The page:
Two beach houses collapsed and fell into the waves along North Carolina's coast, according to the U.S. National Park Service.
The two unoccupied homes were located along Ocean Drive in the Outer Banks community of Rodanthe. Both collapsed into the ocean on Tuesday, the NPS said.
Cameras were rolling when the second house fell into the water. Footage of the collapse was posted online by officials at Cape Hatteras National Seashore.
The first collapse wasn't captured on video, but the NPS did share photos of the aftermath.
Crews immediately started working to clean up as much debris as possible before it gets washed away. The NPS said visitors should be cautious when using the beach and ocean along Hatteras Island because debris is spreading widely along the shore.
This is actually the third time a home has fallen into the surf this year. Another house in Rodanthe collapsed into the water in February.
"The debris from this house spread across many miles of beaches before the homeowner, and volunteers in an organized beach cleanup event, were able to remove much of it," the NPS said in a statement. "Clean up efforts for smaller pieces of debris related to the Feb. 9 house collapse continues."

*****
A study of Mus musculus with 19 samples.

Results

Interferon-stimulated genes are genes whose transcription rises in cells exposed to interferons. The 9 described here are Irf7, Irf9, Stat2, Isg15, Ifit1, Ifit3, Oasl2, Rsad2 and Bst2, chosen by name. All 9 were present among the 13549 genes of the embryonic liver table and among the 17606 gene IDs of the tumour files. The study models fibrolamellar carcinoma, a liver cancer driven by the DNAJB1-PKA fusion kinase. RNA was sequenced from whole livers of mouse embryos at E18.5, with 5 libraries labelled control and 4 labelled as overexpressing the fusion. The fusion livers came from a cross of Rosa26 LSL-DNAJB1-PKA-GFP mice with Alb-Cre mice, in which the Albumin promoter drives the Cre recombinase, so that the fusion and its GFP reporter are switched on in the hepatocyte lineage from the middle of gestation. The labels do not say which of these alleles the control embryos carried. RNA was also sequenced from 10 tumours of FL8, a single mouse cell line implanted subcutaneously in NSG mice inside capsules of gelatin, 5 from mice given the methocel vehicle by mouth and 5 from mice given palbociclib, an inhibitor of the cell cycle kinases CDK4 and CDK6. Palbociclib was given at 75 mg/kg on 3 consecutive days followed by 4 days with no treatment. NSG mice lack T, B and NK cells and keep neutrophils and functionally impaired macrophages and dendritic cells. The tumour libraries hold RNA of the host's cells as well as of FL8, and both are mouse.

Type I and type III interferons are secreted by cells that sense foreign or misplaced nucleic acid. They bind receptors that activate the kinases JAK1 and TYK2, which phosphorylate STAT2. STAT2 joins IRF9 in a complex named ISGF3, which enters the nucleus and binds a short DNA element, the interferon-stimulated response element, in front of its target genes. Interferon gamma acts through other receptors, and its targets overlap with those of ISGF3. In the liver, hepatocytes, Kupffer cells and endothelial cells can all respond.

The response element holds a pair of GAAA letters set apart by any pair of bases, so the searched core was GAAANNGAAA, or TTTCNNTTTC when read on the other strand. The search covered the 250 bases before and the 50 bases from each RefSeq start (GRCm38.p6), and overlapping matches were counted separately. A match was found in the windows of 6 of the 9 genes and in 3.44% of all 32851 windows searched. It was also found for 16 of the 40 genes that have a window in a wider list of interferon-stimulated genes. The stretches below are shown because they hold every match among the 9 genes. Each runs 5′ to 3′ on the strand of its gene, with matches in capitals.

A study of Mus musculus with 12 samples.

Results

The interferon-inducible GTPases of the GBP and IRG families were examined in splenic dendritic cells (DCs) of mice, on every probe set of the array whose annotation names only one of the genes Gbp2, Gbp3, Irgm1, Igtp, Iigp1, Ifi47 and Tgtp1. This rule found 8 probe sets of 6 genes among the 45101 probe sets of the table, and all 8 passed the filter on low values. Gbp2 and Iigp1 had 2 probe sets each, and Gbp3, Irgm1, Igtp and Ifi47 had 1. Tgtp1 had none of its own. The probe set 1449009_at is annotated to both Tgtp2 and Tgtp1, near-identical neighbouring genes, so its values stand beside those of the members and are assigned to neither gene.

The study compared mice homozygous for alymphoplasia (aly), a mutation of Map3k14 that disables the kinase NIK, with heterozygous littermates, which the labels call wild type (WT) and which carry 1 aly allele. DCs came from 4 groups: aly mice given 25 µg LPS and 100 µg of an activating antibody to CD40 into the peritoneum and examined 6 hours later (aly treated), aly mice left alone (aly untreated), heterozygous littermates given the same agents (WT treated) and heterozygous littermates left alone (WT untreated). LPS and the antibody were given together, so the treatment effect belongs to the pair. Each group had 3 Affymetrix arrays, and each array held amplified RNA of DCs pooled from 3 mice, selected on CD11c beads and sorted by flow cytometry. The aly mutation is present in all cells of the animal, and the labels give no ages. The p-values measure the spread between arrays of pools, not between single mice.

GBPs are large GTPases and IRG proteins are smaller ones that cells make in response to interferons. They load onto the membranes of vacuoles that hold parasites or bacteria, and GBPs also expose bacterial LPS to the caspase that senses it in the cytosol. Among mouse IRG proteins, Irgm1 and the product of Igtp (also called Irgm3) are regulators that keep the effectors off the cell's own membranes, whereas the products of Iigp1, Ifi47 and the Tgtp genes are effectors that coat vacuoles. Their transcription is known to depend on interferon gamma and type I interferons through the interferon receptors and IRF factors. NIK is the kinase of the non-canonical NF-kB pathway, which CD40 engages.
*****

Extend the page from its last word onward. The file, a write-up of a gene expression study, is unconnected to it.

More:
The beach has been closed along all of Ocean Drive in Rodanthe to protect the public from hazards associated with the collapsed homes. Visitors are cautioned to stay away, especially because officials don't know when the next collapse is going to happen.
"Unfortunately, there may be more houses that collapse onto Seashore beaches in the near future," David Hallac, superintendent of the National Parks of Eastern North Carolina, said in a statement. "We proactively reached out to homeowners along Ocean Drive in Rodanthe after the first house collapse and recommended that actions be taken to prevent collapse and impacts to Cape Hatteras National Seashore."
The National Seashore is located in an area known as North Carolina's Outer Banks. A strong storm system has been producing breaking waves of 10-15 feet, pushing ocean floodwaters inland 2-4 feet above ground level, FOX News reported. Flood warnings remain in effect for the area.